In the past, Germany has been both a model and a partner for Spain. But there have been deep-seated changes in how Berlin views southern Europe, and seen from Spain, it is as if Germany has decided southern Europe is a burden that prevents it from going global and needs to be dumped.

This piece first appeared in the Financial Times

On May 9, when European Union leaders approved the rescue package embodied in the European financial stability facility, Spain saw the light at the end of the tunnel. Six months later, it is looking like it belongs to an incoming train. Seeing how the story unfolded in Greece and Ireland and watching the crisis heading for Portugal, it is no wonder that the dominant sentiment in Spain is concern. But more than that, the prevailing feeling is one of frustration with Germany.

With the May agreement in its pocket, the Spanish government went home and put together a reform package that had everything required to get Spain out of its collision course: government expenditure reductions, labour market reforms, public sector pay cuts, pension freezes, an extension of the retirement age and a rise in value added tax. Subsequently, the government, with the aid of the central bank, decided to rein in regional and local government deficits, forced regional saving banks to merge and made public its bank stress tests. Most of the measures are now in place. Spain's current problems start not at home but rather abroad – in Germany, to be precise.

In the past, Germany has been both a model and a partner for Spain. In its transition to democracy, Madrid adapted and adopted German institutions such as the Länder power-sharing arrangements and the principles of a social market economy. Even in foreign policy, Spain tried to mirror Germany's wise combination of Atlanticism and firm support for European integration. In the 1980s Felipe González supported the deployment of cruise and Pershing missiles, while Helmut Kohl supported Spain's accession to the European Community.

Thanks to the vision of González, who supported German reunification when Margaret Thatcher, François Mitterrand and Giulio Andreotti were fiercely opposing it, Spain and Germany developed a true strategic relationship. But, starting in the late 1990s with José María Aznar and Gerhard Schröder, the bilateral relationship began to cool; then José Luis Rodríguez Zapatero and Angela Merkel let it die. Now, sadly, Ms Merkel's decisions are damaging Spain, turning Germany into a rival.

Max Weber famously made the distinction between an ethics of conviction and an ethics of responsibility. In the former, typical of science or religion, all that counts is being right; in the latter, more common to politics, it is the consequences of one's actions that matter. This antithesis perfectly captures the current debate about a permanent crisis resolution mechanism for the eurozone. In an ideal world, Ms Merkel's proposal to have investors, and not only citizens, suffer the consequences of their investment decisions is both fair and rational. Yet, as we are seeing, there is a good chance that in real life the eurozone could be killed precisely by this proposal to make it work better. This would be no small irony. But it highlights the extent to which religious zeal has replaced political vision in Germany. As the saying goes: fiat iustitia, pereat mundus (let there be justice, though the world perish).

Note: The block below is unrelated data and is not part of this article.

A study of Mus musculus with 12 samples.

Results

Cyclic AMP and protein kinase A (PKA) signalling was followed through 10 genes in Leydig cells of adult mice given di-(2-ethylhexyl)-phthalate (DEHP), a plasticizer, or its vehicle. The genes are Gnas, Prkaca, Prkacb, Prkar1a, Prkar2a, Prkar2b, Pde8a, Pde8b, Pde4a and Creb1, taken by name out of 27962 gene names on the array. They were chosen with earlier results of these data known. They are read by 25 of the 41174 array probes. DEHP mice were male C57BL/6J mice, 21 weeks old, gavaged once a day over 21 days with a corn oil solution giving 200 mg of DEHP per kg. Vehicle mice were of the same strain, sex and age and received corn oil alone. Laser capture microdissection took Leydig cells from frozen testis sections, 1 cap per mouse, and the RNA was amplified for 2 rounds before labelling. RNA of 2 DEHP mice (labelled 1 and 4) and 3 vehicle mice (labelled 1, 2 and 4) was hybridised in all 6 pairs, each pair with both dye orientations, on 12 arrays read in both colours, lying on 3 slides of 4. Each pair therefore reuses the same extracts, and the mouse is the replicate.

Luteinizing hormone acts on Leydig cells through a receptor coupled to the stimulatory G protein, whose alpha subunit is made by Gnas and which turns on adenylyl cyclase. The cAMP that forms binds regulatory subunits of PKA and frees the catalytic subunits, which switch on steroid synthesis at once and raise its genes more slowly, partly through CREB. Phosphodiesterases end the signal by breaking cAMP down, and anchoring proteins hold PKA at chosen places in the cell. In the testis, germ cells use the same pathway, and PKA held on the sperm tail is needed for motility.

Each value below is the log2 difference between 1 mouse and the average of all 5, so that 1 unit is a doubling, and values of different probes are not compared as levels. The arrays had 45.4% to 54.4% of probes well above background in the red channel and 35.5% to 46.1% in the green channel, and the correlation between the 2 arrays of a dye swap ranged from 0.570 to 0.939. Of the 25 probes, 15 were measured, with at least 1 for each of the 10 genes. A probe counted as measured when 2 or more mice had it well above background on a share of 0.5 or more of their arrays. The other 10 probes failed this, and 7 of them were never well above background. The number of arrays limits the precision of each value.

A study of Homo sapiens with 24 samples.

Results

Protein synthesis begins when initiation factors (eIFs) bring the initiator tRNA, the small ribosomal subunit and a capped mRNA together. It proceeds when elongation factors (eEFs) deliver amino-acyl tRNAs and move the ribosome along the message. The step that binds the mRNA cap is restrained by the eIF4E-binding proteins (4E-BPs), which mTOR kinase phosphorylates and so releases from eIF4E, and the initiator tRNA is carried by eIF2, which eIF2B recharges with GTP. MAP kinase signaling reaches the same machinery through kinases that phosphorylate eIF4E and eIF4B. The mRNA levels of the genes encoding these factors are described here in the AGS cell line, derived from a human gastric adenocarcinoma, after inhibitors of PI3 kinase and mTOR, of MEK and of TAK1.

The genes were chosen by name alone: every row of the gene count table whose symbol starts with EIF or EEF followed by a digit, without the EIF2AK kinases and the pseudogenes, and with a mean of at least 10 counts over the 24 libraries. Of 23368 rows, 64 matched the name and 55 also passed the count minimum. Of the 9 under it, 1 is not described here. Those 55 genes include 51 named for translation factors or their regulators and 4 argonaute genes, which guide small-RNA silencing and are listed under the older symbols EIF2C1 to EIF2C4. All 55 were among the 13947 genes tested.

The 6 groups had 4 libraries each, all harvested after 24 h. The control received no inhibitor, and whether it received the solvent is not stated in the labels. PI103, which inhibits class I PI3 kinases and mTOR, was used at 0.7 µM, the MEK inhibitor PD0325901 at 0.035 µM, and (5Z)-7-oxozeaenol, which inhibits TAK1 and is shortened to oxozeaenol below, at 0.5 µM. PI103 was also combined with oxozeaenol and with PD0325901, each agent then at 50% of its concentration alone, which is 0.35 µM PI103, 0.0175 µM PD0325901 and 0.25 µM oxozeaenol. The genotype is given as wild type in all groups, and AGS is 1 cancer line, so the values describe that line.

Even more problematic is that such German recklessness points to deep-seated changes in how Berlin views southern Europe. During the 1980s and 1990s, the European integration process resulted in a virtuous circle of growth: the periphery grew faster than the centre, significantly catching up in terms of average per capita wealth; but Germany and others benefited substantially, because that growth was based on their exports and foreign direct investment. This seems to be irreversibly broken now. Germany is looking to Russia and to China as the markets for its exports, but rather than placing its bilateral relations with Moscow and Beijing at the service of the EU as a whole, it seems that it is going solo.

Seen from Spain, it is as if Germany had decided southern Europe was a burden that prevents it from going global and needs to be dumped. True, Spain is at the European periphery, but Europe itself is bound to be increasingly the periphery of Asia. Therefore, this Alleingang (going solo) policy can hardly work. In a century dominated by Asia, no European country will be able to make it on its own. A weaker Europe, especially if the eurozone breaks down, will mean a weaker Germany. This is not only about Spain or southern Europe's survival, but about Europe's as a whole.

 

This article has been widely quoted since its publication in the Financial Times, including by Martin Wolf and others in the same publication, as well as in the EconomistEU Business, Terra Argentina, Agence France-Press (published for example on The Local).

 

Read more on: Wider Europe, Economic Crisis

The European Council on Foreign Relations does not take collective positions. This commentary, like all publications of the European Council on Foreign Relations, represents only the views of its authors.